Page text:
On this, the first day without anger, I cannot hep but ponder why it is that I have chosen to attempt this practice. Essentially, “What do I hope can be achieved by living for thirty days without anger?”
In my post announcing this idea I spent a brief space describing my personal experience of my own anger. I described how it can fester within a person, and how it taints a person’s interactions with others (and so taints their subsequent interactions). While I do believe this to be true I also think anger plays an interesting and ultimately crippling role in society today.
Each of us can feel small and unimportant in this world. We may look out at what’s happening in the wider world and see war, poverty, injustice, and all manner of cruelty. In our personal life we may experience the smaller wars of familial strife, economic hardship, unfair or heartless treatment, and uncaring behaviors.
The suffering we experience as a result of these things can be felt as an enormous overwhelming wave or as a nagging sorrow or depression. In my own life, debates on the political stage can set off a rant. At other times I see toddlers walk out of a courthouse not knowing mommy or daddy will not be home tonight (or maybe this decade). Such a sight dampens my mood to a place of near hopeless for our world. For each of us there may be different causes, but the suffering is the same.
Regardless of the suffering we feel, the feeling causes us to respond. We want to feel something else – often anything else. Problem is, even the smallest suffering seems unresolvable. Thus, while depression or melancholy are unacceptable in the eyes of society, and unsustainable as a way of life, we attempt to take refuge in an emotion that is acceptable: Anger.
With anger we escape the suffering of sorrow and helplessness and throw ourselves into an emotional high and apparent action. While the suffering of our experienced helplessness further reduces us, makes us smaller and less significant, anger blows us up. We become larger, louder, and stronger. Even if a person, like myself, takes no traditionally described angry “actions”, we feel our blood surge, we may rant and decry all that is wrong with the world (or simply whats wrong people like the one in front of us). Like the Hulk we become large and important.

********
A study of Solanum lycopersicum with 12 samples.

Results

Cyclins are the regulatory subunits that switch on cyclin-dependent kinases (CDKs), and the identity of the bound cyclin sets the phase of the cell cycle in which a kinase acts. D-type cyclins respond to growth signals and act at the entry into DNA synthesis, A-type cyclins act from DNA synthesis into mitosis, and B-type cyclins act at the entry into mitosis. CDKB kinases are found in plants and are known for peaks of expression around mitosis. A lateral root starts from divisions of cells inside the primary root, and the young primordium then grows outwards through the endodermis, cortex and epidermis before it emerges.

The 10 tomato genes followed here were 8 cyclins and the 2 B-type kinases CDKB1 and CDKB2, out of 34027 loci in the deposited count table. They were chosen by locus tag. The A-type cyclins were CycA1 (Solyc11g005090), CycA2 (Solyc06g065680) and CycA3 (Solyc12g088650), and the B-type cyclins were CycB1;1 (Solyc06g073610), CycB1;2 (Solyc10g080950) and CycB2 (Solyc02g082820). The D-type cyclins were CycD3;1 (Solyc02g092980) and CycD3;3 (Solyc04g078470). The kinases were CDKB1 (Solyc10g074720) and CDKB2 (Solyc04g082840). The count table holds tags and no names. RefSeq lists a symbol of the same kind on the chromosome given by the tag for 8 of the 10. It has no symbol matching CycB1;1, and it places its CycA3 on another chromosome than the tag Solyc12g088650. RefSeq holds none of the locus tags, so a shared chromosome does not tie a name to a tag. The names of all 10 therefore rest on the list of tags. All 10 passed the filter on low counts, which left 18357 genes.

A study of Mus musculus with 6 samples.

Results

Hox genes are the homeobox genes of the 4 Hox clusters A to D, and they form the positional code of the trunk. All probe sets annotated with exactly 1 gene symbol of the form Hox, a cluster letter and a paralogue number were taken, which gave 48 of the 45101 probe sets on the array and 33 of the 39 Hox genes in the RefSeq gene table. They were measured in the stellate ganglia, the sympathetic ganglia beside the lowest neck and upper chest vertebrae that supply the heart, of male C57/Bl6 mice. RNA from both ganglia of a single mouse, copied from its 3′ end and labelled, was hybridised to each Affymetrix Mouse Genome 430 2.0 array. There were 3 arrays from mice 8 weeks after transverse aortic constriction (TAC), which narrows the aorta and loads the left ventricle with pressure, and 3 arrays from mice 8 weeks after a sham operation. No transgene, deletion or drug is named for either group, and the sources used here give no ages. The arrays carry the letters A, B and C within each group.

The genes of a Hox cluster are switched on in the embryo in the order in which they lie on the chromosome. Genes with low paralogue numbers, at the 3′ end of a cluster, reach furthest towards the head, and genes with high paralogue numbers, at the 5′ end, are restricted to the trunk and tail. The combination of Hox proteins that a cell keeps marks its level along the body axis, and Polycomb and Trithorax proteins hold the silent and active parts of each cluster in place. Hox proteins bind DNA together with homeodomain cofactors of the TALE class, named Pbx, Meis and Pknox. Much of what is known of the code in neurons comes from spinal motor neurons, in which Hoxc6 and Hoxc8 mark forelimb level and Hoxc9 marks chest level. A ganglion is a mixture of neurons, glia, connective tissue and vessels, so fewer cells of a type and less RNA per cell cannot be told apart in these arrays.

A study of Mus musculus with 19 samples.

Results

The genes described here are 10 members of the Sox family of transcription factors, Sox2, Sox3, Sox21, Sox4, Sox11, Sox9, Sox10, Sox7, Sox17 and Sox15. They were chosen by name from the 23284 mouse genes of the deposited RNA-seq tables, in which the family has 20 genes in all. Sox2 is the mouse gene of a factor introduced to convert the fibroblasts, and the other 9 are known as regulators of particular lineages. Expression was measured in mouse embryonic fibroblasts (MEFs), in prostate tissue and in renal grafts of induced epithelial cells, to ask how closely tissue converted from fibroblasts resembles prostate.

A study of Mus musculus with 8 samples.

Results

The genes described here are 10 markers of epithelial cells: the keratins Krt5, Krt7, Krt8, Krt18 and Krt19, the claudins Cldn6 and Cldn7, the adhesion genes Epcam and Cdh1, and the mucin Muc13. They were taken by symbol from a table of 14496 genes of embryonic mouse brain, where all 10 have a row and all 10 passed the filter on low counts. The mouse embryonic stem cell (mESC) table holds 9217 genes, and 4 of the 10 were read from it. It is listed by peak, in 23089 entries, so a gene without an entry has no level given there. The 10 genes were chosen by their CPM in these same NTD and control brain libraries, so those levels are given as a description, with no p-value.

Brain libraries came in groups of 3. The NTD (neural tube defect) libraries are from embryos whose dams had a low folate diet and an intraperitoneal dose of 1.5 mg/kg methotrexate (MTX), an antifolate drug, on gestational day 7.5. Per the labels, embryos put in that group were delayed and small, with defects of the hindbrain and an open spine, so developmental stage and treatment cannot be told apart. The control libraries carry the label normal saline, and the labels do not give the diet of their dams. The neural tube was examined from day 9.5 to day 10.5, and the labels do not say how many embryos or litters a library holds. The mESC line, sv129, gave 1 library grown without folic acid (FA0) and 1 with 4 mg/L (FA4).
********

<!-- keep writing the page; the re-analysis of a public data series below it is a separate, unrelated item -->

Thing is, the feeling created by our rant or our righteousness indignation is a lie. We responded to helplessness and possibly hopelessness with and emotional explosion that ultimately means nothing. Ranting and raving (even just internally) may make us feel like we have done something in response to the suffering, after all we condemned it, but that’s all we did. We didn’t change anything.
I said that anger is socially acceptable but that isn’t the half of it. Exhibitions of anger have become not only part of our social discourse, but the height of it. News channels fill themselves with talking heads spewing hatred on their (imagined) political enemy (with greater or lesser subtlety). Television is filled with reality stars who seem to celebrate conflict, strife, and anger.
We have come to accept that expressing anger is an end in itself, proof of self-confidence and being resolute of purpose. We have even come to accept that as long as the person ends an angry or mean-spirited outburst with “I’m just saying…” or some such phrase, they are to be celebrated for their candor and for speaking out. All despite the lack of any actual movement toward helping the situation that gave rise to the suffering that started it all.
We have accepted anger as a response to bad things in the world.
We have accepted anger as a replacement for real positive action in the world.
We have accepted anger.
I commit to live 30 days without anger.